The Rise in Testing Is Not Driving the Rise in U.S. Virus Cases

As coronavirus cases have surged in recent weeks, President Trump has repeatedly said the growing case count is a result of increased testing, not a worsening outbreak. An analysis by The New York Times, however, shows the rise in cases far outpaces the growth in testing.

The average number of tests conducted nationwide has grown by 80 percent since early June, to 780,000 per day. Daily case counts have grown by 215 percent in the same period.

Thirty-one states show an increase in cases beyond what would be expected from expanded testing, if the severity of the outbreak had remained about the same. Florida, the state with the largest discrepancy, is reporting more than 11,000 new cases per day, on average, while only about 2,400 cases each day would be expected because of increased testing. California and Texas numbers are also far above what would be expected.

How Coronavirus Cases Compare With Expectations

The charts show how the number of reported cases compares with the expected count based on expanded testing. The gap for states with more cases than expected is highlighted. Each state is on its own scale.

May 27 July 21 Actual cases 7-day average Expected cases Alaska +104 Ala. +1,042 Ark. +194 Ariz. +1,565 Calif. +3,450 Colo. +81 Conn. -254 D.C. -166 Del. -33 Fla. +8,743 Ga. -1,713 Hawaii +10 Iowa +84 Idaho +449 Ill. -1,005 Ind. +80 Kan. +305 Ky. +284 La. +1,045 Mass. -740 Md. -519 Maine -25 Mich. +323 Minn. +13 Mo. +518 Miss. +711 Mont. +98 N.C. -160 N.D. +41 Neb. -104 N.H. -20 N.J. -161 N.M. +28 Nev. +944 N.Y. -484 Ohio +407 Okla. +395 Ore. +181 Pa. -150 R.I. -47 S.C. +1,108 S.D. +21 Tenn. +831 Texas +5,493 Utah +54 Va. -574 Vt. 0 Wash. -4 Wis. +465 W.Va. +69 Wyo. +33

In some states with smaller outbreaks, case growth outpaces testing growth by large percentages. In Idaho, there are more than five times as many cases as would be expected with expanded testing. In Nevada, there are six times as many.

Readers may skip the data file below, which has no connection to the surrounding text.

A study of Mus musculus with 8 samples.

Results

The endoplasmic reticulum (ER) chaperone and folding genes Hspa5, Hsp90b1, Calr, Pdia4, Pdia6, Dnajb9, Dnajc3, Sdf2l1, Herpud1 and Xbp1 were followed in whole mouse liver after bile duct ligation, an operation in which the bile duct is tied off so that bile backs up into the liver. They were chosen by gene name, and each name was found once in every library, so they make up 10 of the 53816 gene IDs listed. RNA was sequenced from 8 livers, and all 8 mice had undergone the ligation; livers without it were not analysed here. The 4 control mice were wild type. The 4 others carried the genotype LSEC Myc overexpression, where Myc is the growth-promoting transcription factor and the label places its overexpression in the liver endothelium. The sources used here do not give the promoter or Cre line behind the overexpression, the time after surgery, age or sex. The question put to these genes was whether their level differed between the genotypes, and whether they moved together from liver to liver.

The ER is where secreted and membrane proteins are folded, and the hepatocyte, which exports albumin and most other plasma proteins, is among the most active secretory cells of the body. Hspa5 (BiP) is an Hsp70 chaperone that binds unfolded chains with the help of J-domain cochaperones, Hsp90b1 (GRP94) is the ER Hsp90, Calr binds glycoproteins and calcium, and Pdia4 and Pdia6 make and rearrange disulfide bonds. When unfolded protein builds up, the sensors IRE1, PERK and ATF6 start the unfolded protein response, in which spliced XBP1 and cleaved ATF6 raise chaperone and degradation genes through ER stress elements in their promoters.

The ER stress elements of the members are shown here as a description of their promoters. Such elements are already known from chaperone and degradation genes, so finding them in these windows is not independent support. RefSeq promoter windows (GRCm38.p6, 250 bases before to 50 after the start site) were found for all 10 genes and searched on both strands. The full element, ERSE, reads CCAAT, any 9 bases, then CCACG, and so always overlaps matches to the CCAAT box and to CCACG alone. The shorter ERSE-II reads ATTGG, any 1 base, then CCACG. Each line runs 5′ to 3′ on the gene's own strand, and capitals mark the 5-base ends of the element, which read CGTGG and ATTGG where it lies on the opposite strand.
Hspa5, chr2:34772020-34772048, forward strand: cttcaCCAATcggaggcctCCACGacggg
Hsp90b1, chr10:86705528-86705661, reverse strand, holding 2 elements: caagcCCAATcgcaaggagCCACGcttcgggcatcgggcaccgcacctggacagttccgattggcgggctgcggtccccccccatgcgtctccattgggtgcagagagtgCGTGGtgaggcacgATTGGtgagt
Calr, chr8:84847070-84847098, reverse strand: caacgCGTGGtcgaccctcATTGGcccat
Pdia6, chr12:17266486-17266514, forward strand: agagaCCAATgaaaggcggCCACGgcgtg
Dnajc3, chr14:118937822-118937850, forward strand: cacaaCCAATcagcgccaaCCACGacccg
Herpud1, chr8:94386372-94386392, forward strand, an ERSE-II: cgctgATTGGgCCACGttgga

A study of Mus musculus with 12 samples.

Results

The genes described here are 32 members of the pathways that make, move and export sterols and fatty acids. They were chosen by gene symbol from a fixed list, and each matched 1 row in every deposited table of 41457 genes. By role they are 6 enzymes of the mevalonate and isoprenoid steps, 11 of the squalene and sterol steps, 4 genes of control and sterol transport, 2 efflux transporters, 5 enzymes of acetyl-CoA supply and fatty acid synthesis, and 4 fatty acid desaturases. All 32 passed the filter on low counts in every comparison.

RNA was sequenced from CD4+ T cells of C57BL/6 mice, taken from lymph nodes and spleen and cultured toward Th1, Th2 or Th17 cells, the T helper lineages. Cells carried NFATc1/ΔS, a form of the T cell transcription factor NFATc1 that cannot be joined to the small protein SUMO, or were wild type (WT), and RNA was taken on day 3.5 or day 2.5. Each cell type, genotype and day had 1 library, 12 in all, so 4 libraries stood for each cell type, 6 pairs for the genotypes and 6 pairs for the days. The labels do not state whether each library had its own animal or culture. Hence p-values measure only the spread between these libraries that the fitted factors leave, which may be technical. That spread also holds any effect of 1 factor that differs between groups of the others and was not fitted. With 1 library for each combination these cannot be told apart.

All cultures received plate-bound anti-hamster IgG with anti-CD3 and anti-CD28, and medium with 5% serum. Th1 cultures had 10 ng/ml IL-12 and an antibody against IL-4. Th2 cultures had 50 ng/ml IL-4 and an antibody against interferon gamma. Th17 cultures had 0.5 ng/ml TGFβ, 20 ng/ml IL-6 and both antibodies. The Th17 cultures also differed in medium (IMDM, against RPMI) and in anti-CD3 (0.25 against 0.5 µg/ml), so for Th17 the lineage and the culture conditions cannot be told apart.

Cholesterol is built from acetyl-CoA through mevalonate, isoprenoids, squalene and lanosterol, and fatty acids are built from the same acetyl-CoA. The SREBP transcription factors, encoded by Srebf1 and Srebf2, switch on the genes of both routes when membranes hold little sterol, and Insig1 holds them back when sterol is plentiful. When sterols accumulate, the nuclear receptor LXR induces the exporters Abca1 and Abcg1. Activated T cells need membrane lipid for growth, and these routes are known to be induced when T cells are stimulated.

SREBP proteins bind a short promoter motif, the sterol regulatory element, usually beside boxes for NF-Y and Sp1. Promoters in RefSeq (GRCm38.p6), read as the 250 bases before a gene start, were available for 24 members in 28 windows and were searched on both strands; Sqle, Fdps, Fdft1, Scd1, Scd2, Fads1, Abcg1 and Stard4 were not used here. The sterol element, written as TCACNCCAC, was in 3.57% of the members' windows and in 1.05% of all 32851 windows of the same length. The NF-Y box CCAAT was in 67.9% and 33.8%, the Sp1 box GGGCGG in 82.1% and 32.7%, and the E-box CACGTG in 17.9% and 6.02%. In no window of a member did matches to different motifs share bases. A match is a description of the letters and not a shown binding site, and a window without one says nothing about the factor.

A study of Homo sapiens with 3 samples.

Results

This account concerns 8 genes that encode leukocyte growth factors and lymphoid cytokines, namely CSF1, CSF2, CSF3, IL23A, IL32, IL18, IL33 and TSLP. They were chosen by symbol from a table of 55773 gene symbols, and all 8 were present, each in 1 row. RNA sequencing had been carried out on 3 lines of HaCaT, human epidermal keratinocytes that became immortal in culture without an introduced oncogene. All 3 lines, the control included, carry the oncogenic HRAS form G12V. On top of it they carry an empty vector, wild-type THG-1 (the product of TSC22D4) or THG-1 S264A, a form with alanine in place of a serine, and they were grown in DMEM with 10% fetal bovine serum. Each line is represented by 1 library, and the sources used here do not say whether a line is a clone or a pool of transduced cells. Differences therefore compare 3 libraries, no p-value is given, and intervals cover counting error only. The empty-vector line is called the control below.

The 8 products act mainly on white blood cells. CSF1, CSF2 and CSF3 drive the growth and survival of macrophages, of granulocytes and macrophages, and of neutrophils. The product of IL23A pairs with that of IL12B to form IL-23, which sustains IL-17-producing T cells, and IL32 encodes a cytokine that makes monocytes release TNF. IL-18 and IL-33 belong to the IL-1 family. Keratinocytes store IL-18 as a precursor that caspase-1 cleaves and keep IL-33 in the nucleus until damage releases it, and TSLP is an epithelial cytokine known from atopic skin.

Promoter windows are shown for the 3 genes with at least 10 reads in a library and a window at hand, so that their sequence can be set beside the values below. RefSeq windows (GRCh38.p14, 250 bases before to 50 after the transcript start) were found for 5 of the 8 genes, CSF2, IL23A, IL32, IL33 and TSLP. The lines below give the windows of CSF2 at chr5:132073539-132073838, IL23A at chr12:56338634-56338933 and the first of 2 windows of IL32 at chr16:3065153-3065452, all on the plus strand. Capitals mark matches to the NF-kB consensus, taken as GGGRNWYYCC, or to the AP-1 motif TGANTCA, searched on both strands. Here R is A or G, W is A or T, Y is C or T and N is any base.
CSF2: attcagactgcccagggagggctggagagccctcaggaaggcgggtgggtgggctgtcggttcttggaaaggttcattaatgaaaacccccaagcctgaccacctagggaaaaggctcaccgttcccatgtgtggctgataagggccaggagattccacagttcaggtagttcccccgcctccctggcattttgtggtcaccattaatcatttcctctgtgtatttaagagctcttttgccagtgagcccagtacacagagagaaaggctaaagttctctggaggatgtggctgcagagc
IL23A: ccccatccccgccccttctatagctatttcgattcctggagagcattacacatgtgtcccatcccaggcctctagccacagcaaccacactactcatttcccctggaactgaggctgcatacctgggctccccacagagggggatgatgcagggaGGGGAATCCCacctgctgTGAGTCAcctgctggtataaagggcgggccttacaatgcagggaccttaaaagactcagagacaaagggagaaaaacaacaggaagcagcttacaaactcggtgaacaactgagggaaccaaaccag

In 14 states and Washington, D.C., testing has increased faster than cases have, meaning positive test rates are falling. Many of those states are in the Northeast. In New York — the epicenter of the outbreak early on — cases have continued to decline, even with more than 60,000 tests performed daily. In five states, cases are about what would be expected.

These numbers come from an analysis of data from the COVID Tracking Project, a volunteer organization that records the number of tests conducted and cases reported in every state.

To calculate how expanded testing could affect case counts, The Times looked at the average positive test rate in each state for the two weeks ending June 9, when cases reached a recent national low. Those rates were then multiplied by the number of tests done each day since, in order to arrive at the expected number of cases given the current level of testing.

These calculations assume that the severity of the outbreak in each state would remain about the same and that positive test rates would hold as testing expanded. This is the most that cases would increase as a result of increased testing.

As tests become more widely available and more people who are not sick take them, positive test rates should fall.

Instead, the United States is seeing the opposite: More tests are being conducted, but more are coming back positive, driving case counts even higher.

Coronavirus Tests and Positive Test Rate in the United States

250,000 500,000 750,000 tests per day April 1 July 21

780,000 tests

5% positive test rate 10% 15% April 1 July 21

8% positive

The positive test rate is now over 8 percent nationally, up from a low of less than 5 percent in June. That growth is a startling indicator that suggests the outbreak is worsening in a way testing alone cannot explain.